The Western Cape Education Department in partnership with Google has launched the Online Safety Curriculum Guideline which aims to teach pupils how to be smart and responsible digital users. Picture Henk Kruger/African News Agency (ANA)

The Western Cape Education Department in partnership with Google has launched the Online Safety Curriculum Guideline which aims to teach pupils how to be smart and responsible digital users. Picture Henk Kruger/African News Agency (ANA)

Published Oct 22, 2020


The guideline has been in production for the past two years.


“It is a groundbreaking initiative and it especially meaningful as it coincides with Covid-19, making it a whole lot more relevant. The pandemic has brought a change in how we do things,” she said.

Google Africa director of government affairs and public policy Charles Murit said more than 500 Life Orientation teachers across the province had been trained for this.

“We also held workshops with senior curriculum planners and e-Learning advisors within the Western Cape Education Department to build capacity on the understanding of online safety and refining the curriculum guideline to be CAPS compliant,” said Murit.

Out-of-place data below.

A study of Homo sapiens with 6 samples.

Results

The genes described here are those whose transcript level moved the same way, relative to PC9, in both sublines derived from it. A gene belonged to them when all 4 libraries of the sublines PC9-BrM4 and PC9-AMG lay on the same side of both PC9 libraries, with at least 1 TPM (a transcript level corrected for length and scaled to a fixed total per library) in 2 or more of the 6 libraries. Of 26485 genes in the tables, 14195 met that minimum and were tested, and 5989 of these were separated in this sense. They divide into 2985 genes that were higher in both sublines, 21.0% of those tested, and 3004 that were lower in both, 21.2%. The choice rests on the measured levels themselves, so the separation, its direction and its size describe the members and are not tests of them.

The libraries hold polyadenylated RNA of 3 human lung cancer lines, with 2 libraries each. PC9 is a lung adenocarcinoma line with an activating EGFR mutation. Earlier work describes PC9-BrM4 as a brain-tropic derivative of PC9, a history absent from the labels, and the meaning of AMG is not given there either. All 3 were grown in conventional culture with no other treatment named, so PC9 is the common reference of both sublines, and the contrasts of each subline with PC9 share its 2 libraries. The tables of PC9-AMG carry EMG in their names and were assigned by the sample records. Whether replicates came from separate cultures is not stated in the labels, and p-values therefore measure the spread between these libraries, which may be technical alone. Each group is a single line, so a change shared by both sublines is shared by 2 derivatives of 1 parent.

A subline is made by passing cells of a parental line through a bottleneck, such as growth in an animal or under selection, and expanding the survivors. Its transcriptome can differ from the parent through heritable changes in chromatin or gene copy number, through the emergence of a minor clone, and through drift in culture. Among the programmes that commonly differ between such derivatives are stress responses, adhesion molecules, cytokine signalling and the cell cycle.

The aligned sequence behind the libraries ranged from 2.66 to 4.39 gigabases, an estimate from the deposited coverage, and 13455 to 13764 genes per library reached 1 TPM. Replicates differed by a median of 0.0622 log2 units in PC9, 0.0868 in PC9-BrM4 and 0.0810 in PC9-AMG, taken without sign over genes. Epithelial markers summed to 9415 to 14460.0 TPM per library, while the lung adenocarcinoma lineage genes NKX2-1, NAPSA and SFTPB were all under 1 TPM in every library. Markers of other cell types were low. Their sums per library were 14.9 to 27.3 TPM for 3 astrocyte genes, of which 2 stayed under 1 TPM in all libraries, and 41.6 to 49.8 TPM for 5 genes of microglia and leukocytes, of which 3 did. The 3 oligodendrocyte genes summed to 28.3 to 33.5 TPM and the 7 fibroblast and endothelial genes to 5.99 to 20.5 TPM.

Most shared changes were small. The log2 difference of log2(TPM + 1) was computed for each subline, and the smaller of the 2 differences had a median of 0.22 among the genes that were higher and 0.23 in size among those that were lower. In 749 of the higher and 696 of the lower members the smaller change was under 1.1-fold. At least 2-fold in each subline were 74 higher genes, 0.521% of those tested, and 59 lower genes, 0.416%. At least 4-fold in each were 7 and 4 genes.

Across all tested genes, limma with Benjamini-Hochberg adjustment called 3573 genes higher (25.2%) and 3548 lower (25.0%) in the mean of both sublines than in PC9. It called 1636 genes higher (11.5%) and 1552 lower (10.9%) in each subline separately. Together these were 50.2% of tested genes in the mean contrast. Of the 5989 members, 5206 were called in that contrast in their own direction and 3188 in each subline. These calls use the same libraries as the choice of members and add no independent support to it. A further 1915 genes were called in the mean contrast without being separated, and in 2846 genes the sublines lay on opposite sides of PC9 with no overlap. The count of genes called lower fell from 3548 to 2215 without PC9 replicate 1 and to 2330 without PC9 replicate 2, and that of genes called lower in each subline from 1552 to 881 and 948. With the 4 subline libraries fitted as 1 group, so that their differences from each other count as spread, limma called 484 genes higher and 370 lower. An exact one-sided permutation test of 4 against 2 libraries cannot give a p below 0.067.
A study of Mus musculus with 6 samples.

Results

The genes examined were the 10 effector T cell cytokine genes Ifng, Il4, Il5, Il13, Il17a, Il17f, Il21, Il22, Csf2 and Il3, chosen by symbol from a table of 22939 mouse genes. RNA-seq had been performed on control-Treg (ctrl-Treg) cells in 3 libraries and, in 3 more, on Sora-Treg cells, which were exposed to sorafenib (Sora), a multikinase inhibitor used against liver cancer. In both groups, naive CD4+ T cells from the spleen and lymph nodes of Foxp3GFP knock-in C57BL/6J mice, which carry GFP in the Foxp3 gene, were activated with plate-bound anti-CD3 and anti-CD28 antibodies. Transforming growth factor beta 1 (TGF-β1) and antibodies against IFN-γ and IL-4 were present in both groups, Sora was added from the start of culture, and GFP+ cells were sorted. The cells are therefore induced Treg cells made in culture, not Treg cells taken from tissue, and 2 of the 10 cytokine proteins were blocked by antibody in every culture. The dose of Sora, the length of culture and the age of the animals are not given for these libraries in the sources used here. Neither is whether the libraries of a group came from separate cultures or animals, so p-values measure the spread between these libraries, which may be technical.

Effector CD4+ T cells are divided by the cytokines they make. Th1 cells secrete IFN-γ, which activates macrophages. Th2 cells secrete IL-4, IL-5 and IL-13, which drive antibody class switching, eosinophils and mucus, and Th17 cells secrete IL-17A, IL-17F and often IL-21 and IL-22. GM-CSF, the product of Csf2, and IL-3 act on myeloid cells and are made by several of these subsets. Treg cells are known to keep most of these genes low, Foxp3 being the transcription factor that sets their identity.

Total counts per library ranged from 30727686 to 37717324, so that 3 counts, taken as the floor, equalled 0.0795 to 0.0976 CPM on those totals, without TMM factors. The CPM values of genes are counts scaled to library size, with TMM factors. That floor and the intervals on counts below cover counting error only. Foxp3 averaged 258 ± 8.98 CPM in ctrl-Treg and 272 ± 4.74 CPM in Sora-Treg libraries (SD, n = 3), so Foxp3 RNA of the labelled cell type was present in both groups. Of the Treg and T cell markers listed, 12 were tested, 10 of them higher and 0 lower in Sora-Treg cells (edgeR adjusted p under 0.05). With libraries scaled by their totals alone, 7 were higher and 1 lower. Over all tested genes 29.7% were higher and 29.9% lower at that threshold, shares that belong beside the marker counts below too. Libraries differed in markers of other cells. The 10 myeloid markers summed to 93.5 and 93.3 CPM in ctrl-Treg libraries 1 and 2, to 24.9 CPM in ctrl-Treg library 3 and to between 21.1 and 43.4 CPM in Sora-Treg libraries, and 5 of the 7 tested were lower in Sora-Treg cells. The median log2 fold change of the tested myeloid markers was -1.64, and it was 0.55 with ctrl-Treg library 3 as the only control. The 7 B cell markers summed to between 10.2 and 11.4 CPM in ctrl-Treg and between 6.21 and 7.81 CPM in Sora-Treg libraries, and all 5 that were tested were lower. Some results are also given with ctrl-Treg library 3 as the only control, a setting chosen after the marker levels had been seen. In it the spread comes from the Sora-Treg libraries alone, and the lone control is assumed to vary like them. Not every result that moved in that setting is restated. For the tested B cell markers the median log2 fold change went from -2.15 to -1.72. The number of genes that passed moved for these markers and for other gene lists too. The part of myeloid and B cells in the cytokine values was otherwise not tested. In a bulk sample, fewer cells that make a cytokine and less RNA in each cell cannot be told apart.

Ismail Teladia, a senior curriculum planner in the WCED, explained that the guideline would not only be useful for pupils but also had lessons that teachers could incorporate into their teaching.

The guideline is packaged into various themes according to grades.

  • Grade 9 – Be a respectful digital citizen.
  • Grade 10 – Being smart online. This teaches pupils to discern between fraudulent activities such as scams and phishing.
  • Grade 11– Right to privacy. Reminding pupils to be careful of what they post.
  • Grade 12 – Prepare for the real world. This drives the lesson that what you post on digital platforms leaves a “digital tattoo” which is hard to remove.

Phakamile Khumalo from the Media Monitoring Organisation said: “This will equip pupils to act against cyberbullying to report it, flag and block negative posts. It also encourages schools to formulate social media policies that relate to online usage while also giving solutions on what can be done when negative videos of pupils or teachers go viral. The art of reporting the post so that it can be pulled down.”

Tracey Hopton a teacher at Norman Henshilwood High School, said: “Covid-19 has shown us how to transgress our daily routine online. The reality is that the youth of today are more available online than they are face to face. We have to reach them there, bridge the gap technological gap between us and them.”